Remember when Michael Moore depicted the United Kingdom's National Health Service (NHS) as a superior health care system in his 2007 documentary "Sicko"?
That romanticizing on the silver screen might have seemed like a good idea for the American society, but according to Lord Ara Darzi, it's not ideal for the United States. Darzi, a former British Health Minister, appeared on CNBC's Aug. 31 "Street Signs" to defend the NHS from attacks made in a TV spot, which had been rejected by ABC and NBC for airing because they were "too partisan."
"Street Signs' host Erin Burnett presented the hypothetical question to Darzi that if the U.S. would ever go to a single-payer system, would stifle innovation and would that mean rationing of care. According to Darzi - those decisions are made on a local level.
"These decisions made independent, is about new drugs and new technologies," Darzi said. "Our payer is a single-payer system, which actually is divided to 150 different local payers - they decide with the local population, what the local population needs are."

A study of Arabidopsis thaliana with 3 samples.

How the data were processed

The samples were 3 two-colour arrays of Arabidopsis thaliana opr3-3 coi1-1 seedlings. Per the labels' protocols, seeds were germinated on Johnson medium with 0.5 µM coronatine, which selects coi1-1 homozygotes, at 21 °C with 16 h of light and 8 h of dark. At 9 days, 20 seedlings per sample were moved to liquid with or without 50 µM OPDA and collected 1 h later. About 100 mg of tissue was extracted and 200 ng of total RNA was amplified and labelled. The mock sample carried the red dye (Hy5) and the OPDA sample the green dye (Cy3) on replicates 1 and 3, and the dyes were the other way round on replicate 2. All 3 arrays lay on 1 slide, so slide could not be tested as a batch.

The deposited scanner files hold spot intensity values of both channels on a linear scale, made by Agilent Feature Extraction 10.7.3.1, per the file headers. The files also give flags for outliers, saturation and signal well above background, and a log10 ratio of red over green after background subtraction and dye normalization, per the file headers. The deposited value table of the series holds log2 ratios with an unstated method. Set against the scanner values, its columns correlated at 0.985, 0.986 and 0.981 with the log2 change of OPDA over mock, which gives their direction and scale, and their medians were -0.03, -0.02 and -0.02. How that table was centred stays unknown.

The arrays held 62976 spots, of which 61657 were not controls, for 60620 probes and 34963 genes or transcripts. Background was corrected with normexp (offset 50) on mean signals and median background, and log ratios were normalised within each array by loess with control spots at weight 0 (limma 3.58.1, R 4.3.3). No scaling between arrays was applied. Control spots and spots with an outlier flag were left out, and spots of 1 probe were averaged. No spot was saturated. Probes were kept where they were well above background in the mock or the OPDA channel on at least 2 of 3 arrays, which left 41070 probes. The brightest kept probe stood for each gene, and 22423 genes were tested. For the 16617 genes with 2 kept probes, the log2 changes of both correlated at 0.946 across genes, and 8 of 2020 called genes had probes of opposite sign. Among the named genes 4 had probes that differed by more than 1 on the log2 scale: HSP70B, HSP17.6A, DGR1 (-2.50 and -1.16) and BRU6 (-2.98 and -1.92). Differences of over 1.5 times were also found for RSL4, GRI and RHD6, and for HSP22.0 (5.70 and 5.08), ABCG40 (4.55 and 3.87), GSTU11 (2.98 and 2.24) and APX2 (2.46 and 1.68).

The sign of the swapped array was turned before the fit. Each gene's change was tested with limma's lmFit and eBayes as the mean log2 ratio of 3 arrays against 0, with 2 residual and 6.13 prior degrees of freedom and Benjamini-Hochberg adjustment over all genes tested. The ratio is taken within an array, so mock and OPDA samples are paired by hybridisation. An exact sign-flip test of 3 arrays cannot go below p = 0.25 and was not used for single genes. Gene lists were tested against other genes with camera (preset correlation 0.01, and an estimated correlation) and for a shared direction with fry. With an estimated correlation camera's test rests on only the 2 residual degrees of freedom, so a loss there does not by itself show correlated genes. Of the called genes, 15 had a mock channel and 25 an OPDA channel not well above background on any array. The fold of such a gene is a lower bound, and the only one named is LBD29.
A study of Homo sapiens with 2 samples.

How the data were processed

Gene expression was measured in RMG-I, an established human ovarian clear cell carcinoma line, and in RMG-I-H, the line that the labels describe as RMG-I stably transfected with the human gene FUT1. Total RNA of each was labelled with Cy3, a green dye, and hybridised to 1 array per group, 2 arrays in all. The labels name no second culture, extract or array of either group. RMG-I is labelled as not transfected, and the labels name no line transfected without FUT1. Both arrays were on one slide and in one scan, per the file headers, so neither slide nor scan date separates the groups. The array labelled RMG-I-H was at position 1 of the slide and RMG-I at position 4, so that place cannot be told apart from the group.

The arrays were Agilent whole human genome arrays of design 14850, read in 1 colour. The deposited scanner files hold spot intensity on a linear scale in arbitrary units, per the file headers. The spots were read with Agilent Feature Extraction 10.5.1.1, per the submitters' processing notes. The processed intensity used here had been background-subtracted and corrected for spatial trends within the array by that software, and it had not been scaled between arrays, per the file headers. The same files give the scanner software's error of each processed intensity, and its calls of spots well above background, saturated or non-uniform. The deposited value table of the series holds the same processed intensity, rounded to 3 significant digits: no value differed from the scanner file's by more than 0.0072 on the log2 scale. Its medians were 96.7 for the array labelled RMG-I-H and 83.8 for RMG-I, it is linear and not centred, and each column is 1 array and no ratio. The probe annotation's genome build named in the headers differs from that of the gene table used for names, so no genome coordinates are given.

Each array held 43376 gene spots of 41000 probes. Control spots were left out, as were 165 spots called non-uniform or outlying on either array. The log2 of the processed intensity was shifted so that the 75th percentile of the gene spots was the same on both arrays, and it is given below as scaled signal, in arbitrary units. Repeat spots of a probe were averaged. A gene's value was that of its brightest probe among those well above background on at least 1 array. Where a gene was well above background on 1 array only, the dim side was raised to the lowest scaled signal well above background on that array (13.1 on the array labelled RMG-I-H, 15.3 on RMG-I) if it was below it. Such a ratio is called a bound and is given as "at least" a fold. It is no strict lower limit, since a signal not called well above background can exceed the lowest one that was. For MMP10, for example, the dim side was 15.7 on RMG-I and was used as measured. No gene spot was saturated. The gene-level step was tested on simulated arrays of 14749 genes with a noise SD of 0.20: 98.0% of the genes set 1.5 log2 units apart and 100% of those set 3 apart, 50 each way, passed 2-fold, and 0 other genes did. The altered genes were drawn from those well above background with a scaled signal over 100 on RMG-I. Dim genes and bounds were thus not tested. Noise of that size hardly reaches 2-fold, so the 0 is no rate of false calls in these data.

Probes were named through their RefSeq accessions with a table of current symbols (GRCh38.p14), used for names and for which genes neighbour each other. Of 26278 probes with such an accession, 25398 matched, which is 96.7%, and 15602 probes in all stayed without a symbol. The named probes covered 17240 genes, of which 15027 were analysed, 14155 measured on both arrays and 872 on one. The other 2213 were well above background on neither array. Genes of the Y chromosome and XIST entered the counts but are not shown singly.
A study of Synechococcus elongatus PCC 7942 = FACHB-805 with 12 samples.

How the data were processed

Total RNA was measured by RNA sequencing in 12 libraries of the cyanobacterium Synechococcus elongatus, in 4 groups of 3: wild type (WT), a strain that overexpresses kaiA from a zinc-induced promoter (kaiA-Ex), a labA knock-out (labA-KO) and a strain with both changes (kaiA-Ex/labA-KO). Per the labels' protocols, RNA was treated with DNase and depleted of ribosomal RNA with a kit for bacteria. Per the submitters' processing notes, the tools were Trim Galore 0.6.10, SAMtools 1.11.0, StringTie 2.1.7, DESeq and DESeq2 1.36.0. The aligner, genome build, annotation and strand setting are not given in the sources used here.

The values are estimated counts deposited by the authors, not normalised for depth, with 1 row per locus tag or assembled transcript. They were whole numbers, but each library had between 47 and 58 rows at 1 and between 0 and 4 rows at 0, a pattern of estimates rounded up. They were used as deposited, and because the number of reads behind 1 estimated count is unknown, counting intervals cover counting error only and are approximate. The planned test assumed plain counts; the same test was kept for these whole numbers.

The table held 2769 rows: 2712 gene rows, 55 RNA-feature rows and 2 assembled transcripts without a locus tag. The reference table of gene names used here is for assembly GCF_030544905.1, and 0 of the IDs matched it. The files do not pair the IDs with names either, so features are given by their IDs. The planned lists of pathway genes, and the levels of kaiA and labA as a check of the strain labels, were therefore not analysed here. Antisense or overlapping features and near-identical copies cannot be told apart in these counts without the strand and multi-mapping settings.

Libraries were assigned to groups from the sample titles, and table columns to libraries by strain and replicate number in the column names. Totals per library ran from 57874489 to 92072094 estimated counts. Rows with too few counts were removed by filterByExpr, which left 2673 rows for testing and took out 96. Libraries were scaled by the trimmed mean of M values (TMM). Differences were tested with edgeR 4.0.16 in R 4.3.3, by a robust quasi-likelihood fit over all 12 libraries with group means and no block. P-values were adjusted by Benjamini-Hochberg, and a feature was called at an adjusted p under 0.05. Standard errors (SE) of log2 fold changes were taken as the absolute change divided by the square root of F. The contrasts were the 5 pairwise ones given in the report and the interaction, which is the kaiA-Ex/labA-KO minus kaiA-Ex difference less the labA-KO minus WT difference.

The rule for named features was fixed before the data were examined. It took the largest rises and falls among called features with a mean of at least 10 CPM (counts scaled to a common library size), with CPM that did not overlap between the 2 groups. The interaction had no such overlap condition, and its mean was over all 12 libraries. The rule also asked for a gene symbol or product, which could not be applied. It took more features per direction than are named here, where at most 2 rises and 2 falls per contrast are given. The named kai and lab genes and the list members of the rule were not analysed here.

However, Darzi told Burnett that a single-payer system in the United States wouldn't necessarily be the ideal model and that the American health care system is not that terrible.
"I'm in no way suggesting that our health care system, or a single-payer, is the ideal model for you," Darzi continued. "You have an excellent health care system - units and providers. However, there are some certain challenges within the system itself."
But Darzi did trot out the notion that as a global leader, the United States should offer coverage for every citizen.
"The issue that you're raising is how do you provide a comprehensive cover to everyone," "I think - there is no question in my mind we all look up to the U.S. - that every citizen in the U.S. should be mandated to have some form of a cover, health cover."